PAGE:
Crime and Punishment

Crime and Punishment

Crime and Punishment

What the foreign papers are saying.
May 23 1998 3:30 AM

Crime and Punishment

Dublin newspapers Thursday urged a "yes" vote in Friday's two referendums, in Northern Ireland and the Irish Republic, on the political settlement for Ulster. The Irish Times, reporting a resurgence in Ulster Protestant support for the agreement, said in an editorial: "Yes gives a chance--a good chance--for peace and stability. No leads back to despair and violence." The Irish Independent carried an editorial page article by Irish Prime Minister Bertie Ahern appealing strongly for a yea vote. "The good reputation of the island will be immeasurably enhanced, if we can cast off the negative impression of conflict, as President Clinton has pointed out," Ahern said.


As President Suharto resigned in Indonesia, a commentary written just beforehand by Simon Beck for the South China Morning Post said that the U.S. response to the crisis in Indonesia had been "so low-key some critics believe it to be almost non-existent." The main reason for Washington's great caution, he explained, was that following the end of the Communist threat, the United States' present "biggest headache is that the collapse of a major trading partner will cause a domino effect across the world's economies."

As three U.S. senators prepared to hold talks in Islamabad, Pakistan, Saturday with that country's leaders, the paper Dawn reported that a Pakistani parliamentary delegation is also going to Washington but that "no one on the Pakistani or the US side has any idea of what they are going to do or say to officials and congressmen on the Hill." Predicting that the delegates would be subjected to continuous U.S. cross-examination about Pakistan's nuclear intentions, an unidentified "Pakistani diplomat in Washington" told the newspaper's correspondent there that they should have chosen a better time to come to the United States "on a junket."

"Why to spoil the fun they want to have at this time when every American wants to know what Pakistan is doing," the diplomat said. "And if they want to know what the Americans are doing, sadly the Americans do not know it themselves." In an op-ed piece in Dawn, former Pakistani Finance Minister Mahbubul Haq said that Pakistan, which for the past 10 years has "suffered the wrath of the global community on the nuclear issue," should now "make the international community ashamed of itself through its nuclear restraint and ensure that it is India that is treated as a pariah nation."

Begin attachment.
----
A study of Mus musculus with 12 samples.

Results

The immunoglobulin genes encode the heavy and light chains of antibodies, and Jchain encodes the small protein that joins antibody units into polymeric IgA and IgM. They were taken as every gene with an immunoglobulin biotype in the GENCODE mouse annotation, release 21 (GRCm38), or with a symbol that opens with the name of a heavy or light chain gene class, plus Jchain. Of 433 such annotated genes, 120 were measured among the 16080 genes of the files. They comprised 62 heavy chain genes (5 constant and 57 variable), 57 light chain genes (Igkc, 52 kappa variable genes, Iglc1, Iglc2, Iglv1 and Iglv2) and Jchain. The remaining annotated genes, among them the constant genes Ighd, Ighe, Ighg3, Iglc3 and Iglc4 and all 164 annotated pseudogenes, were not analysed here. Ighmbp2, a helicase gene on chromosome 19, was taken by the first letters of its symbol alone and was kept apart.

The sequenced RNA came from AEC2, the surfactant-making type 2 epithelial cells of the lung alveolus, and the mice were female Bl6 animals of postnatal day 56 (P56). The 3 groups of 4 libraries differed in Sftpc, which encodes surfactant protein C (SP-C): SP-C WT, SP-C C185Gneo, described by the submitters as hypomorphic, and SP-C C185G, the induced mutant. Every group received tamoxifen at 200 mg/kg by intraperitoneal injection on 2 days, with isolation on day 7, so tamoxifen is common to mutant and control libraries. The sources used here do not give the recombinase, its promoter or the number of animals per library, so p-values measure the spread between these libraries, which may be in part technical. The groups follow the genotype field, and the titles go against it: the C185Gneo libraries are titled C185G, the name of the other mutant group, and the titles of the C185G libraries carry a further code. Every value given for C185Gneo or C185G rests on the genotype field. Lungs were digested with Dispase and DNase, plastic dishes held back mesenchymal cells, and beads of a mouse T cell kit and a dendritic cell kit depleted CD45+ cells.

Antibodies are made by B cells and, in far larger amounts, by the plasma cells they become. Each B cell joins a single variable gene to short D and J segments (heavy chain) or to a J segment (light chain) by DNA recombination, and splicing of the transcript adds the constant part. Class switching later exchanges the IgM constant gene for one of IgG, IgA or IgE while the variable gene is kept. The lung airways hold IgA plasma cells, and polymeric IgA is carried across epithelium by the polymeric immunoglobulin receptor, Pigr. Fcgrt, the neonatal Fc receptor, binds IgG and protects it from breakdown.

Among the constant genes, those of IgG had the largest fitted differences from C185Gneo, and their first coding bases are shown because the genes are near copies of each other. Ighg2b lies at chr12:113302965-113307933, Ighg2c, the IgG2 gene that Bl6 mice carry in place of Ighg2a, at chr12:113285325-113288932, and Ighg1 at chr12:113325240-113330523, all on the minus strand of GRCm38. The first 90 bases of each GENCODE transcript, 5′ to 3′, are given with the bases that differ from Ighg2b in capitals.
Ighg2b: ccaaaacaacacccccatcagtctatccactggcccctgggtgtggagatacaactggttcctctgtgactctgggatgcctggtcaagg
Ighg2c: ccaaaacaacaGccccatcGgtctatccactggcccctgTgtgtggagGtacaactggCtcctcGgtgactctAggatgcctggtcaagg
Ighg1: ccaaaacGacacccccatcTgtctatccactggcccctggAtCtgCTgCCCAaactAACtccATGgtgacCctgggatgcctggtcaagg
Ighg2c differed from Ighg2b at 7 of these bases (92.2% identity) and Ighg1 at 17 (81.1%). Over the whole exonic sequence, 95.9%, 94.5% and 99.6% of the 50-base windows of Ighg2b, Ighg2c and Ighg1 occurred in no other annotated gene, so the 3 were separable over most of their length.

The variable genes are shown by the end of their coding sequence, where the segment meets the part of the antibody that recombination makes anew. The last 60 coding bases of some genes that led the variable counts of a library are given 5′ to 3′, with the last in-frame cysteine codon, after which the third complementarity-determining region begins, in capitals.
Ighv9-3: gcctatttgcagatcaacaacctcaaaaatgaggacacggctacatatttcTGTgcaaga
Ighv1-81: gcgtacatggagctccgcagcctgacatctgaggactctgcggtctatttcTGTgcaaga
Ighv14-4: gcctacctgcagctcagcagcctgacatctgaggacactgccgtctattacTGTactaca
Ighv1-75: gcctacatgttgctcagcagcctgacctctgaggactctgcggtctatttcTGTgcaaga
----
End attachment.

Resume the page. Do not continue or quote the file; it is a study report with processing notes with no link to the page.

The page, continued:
The Deccan Chronicle of India said the United States has overreacted to India's nuclear tests with a punishment that is not merely heavy but also "rather vengeful." In an editorial Thursday, it said there was "an element of contradiction" in President Clinton's current policy of unleashing all permissible sanctions against India while offering "every gift in its possession" to Pakistan to stop it carrying out nuclear tests in retaliation. If his aim was to prevent a nuclear confrontation between Pakistan and India, then "the same purpose would obviously be achieved by allowing Pakistan to conduct the tests so that the principle of mutual nuclear deterrence would automatically come into force and nuclear confrontation can be ruled out for ever." "However, President Clinton obviously wants to establish the point that the US is the sole leader of the global disarmanent movement," it said.

In an editorial Thursday, the Manila Times of the Philippines said that "the imagery of the bomb--the mushroom cloud, the ticking clock--has suddenly re-entered the public consciousness once more as India, in full view of the world, conducted five nuclear tests and then proceeded to declare itself a nuclear weapons state." The editorial described India as "an overpopulated country with a fractious, hungry population, an unstable government, and age-old hatred with its neighbours" and said "the world has good reason to be nervous" about that country's new nuclear capabilities. "It looks like the bad old days are back again," it concluded.